Far Far Away

Book review by
Sally Engelfried, Common Sense Media
Far Far Away Book Poster Image
Clever, creepy modern fairy tale with irresistible heroes.

Parents say

age 13+
Based on 3 reviews

Kids say

age 11+
Based on 3 reviews


Educational Value

Because Far Far Away is narrated by the highly educated ghost of Jacob Grimm, readers will get a feel for the vast body of folk tales that the Grimm brothers collected and gain an understanding that the tales were not as sweet as many believe them to be today. In addition, Jacob emphasizes the importance of study and education and teaches Jeremy many sophisticated vocabulary words and a smattering of foreign phrases.

Positive Messages

Love and friendship are worth taking a risk for. Focus on your studies and to be wary of people pretending to be friends. Ultimately, you have to make your own decisions in life.

Positive Role Models & Representations

Jeremy's a conscientious and kind, even though his classmates and the adult villagers have teased him ever since he admitted that he hears voices. Jeremy cares for his father and is a loyal friend to the ghost Jacob despite the ridicule he receives. Jacob cautions Jeremy to focus on his studies and to be wary of people pretending to be friends. Ginger is lively, with a disregard for rules that Jacob finds offensive but Jeremy secretly admires. Although her motives appear suspect at first, she's actually a brave and charming girl who becomes Jeremy's most loyal friend and ultimately galvanizes Jeremy into being brave himself.


A man gives a teen boy and girl a drink that makes them pass out and then locks them in his basement, where another teen boy is being held captive. The man starves them, causes them mental anguish, and eventually tries to kill them.

Drinking, Drugs & Smoking

What parents need to know

Parents need to know that Far Far Away takes place in the present but has the feel of a classic fairy tale. It opens with foreshadowing that something awful will happen, which gives the novel a creepy tone throughout. Main character Jeremy has been ostracized by his classmates because of his strangeness, but he doesn't let the teasing change who he is. Three teens are held captive by a man who has appeared harmless and friendly for most of the story. They are starved and mentally tortured, and eventually the man tries to kill them. Main character Jeremy is teased by his classmates because of his strangeness, but he doesn't let it change who he is.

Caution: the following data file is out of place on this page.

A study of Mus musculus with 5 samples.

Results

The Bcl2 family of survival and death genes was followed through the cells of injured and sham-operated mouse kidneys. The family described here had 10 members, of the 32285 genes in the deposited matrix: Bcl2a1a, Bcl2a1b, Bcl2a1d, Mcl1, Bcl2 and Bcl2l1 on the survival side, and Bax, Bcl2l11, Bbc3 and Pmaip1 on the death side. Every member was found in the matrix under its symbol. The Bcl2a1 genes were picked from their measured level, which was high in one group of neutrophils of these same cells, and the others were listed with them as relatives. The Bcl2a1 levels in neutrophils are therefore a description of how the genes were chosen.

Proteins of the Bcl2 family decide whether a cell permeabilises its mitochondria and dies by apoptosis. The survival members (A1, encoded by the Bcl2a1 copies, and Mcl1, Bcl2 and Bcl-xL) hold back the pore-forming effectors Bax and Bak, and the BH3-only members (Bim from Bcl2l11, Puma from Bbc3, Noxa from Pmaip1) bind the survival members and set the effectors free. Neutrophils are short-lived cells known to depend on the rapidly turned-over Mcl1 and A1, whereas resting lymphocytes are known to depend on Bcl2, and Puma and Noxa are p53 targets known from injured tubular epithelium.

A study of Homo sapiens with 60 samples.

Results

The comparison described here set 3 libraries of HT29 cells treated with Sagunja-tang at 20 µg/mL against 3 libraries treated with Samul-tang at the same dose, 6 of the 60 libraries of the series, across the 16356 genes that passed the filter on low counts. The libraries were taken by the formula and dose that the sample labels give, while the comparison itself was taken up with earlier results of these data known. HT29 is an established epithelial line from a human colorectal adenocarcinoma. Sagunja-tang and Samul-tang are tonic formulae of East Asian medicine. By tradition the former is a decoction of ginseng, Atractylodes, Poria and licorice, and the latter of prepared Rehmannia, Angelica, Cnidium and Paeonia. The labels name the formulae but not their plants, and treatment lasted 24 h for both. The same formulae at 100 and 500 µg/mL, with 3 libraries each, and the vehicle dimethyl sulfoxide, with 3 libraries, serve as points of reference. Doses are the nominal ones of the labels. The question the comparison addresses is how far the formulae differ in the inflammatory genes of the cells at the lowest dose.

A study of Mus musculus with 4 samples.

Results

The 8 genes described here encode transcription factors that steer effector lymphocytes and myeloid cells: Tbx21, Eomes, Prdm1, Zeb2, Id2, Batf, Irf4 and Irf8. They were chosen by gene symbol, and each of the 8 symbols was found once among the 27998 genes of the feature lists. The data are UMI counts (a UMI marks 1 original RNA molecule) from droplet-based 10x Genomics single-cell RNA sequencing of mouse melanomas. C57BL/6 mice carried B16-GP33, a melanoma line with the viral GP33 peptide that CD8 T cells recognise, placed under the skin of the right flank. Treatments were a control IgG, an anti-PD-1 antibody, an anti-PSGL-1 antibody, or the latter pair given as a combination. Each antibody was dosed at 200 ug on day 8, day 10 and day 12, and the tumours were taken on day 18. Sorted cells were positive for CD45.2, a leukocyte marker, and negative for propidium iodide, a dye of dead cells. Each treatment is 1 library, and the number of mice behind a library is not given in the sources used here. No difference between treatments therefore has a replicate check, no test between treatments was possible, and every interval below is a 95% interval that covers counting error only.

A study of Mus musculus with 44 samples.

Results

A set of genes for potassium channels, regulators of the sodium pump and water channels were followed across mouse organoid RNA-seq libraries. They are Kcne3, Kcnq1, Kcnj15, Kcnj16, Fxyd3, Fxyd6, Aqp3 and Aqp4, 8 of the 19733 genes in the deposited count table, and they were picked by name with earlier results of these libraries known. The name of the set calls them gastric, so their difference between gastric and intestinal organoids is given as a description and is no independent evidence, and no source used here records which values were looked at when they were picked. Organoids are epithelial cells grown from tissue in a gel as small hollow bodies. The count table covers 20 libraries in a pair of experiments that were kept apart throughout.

User Reviews

  • Parents say
  • Kids say
Adult Written bylori.z June 4, 2015

Silence of the Lambs for kids!

*Spoilers here*
A well written, suspenseful book, but extremely inappropriate for kids. Let's see: 3 kids are abducted by the town baker and kept in cells... Continue reading
Adult Written byenderknight. April 8, 2015

nice book needs a series!!!

it has a little violence and good role model too and appropriate for mature kids 10 and up.
Teen, 13 years old Written byMasonGotti August 5, 2016


I know i just read the beginning but the plot is terrible it makes NO SENSE the baker saved 4 slices of princess cake (for something "special") and J... Continue reading
Kid, 11 years old August 18, 2014
I was assigned this as summer reading. I found it to be quite boring, while most of the characters are extremely annoying.

What's the story?

In the small village of Never Better, Jeremy Johnson Johnson has been haunted by the ghost of Jacob Grimm since he was a boy. The two have become close friends, but because Jeremy apparently talks to himself and often blurts out strange bits of information, his classmates and the villagers ridicule him. Jeremy's life changes the day wild and beautiful Ginger decides to befriend him. When Ginger invites Jeremy to join her in playing a prank on the town baker, their bond is cemented and Jeremy begins to veer from the careful path of solemn study that Jacob has laid out for him. Ginger comes up with a plan to help Jeremy save his family's bookstore, which launches the two of them on an adventure that may help them solve the mystery of the village's disappearing children -- or lead to their own deaths.

Is it any good?

Though the story takes place in a modern American village, it evokes the feel of a classic fairy tale, the kind where truly horrible things may indeed happen along the way to happily ever after. Woven throughout is a rich respect for stories and storytelling, but the real strengths of this book lie in its creepy undertones and its cast of complex characters who are always more than what they appear to be: Bullies have deep emotions, loving parents are neglectful, and a well meaning ghost sworn to protect offers misguided advice. Author McNeal deftly plants hints of the very real dangers to come as villagers vaguely wonder why so many children are disappearing, all the while munching on the town baker's delicious Prince cakes.

Jeremy is an instantly likable hero readers will root for despite -- or maybe because of -- his initially humble appearance. As his unlikely friendship with the daring Ginger blossoms and their lives take a distinctly Hansel-and-Gretel turn, the courage and cleverness they inspire in each other is worthy of any of the old tales.


Talk to your kids about ...

  • Families can talk about fairy tales. How have Disney movies have changed the perception of what a fairy tale is, compared with the original tales collected by the Grimm brothers and others in the 19th century?

  • Why do you think Disney movies leave out some of the more gruesome aspects of the old tales? Do you think this makes them better?


  • How does the ghost of Jacob Grimm compare with other ghosts you've read about or seen in movies? In what way is he a typical ghost? In what ways is he different?